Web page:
Mucinous carcinoma of the breast — sometimes called colloid carcinoma — is a rare form of invasive ductal carcinoma (cancer that begins in the milk duct and spreads beyond it into nearby healthy tissue). In this type of cancer, the tumor is made up of abnormal cells that “float” in pools of mucin, a key ingredient in the slimy, slippery substance known as mucus.
Normally, mucus lines most of the inner surface of our bodies, such as our digestive tract, lungs, liver, and other vital organs. Many types of cancer cells — including most breast cancer cells — produce some mucus. In mucinous carcinoma, however, mucin becomes part of the tumor and surrounds the breast cancer cells. Under a microscope, it looks like the cancer cells are scattered throughout pools of mucus.
Research suggests that only about 2-3% of invasive breast cancers are “pure” mucinous carcinomas — meaning that this is the only type of cancer present within the tumor. Mucinous tumor cells tend to behave less aggressively than more typical kinds of invasive ductal cancer. About 5% of invasive breast cancers appear to have a mucinous component within them, with other types of cancer cells present as well. Mucinous carcinoma is extremely rare in men.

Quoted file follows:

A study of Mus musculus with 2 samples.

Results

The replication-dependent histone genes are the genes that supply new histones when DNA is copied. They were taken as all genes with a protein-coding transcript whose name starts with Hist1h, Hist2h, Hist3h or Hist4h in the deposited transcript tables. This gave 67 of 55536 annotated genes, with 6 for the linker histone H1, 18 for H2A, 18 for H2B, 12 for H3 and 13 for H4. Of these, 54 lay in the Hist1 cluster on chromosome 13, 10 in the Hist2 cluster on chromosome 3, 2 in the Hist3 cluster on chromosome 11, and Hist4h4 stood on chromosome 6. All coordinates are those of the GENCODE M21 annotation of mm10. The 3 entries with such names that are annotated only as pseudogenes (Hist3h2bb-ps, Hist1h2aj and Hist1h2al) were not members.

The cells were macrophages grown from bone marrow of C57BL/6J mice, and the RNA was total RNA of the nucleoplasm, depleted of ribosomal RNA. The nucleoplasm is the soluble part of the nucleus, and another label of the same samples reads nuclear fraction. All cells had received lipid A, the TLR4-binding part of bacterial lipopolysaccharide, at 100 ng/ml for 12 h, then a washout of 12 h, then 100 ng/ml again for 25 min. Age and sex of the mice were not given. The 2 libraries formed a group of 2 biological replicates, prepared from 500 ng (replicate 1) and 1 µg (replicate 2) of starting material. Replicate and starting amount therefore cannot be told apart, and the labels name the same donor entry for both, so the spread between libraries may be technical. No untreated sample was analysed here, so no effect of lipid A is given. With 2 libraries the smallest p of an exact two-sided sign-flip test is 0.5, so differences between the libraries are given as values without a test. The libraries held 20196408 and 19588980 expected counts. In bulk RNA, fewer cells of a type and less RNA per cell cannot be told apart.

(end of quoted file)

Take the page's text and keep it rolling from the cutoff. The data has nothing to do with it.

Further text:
Like other types of breast cancer, mucinous carcinoma of the breast may not cause any symptoms at first. Over time, a lump may grow large enough to be felt during breast self-exam or examination by a doctor. As with the other less common types of breast cancer, diagnosing mucinous carcinoma takes special skill and may be detected by mammogram, ultrasound, MRI or biopsy.
Although mucinous carcinoma can be diagnosed at any age, it tends to affect women after they’ve gone through menopause. Some studies have found that the average age at diagnosis is in the 60s or early 70s.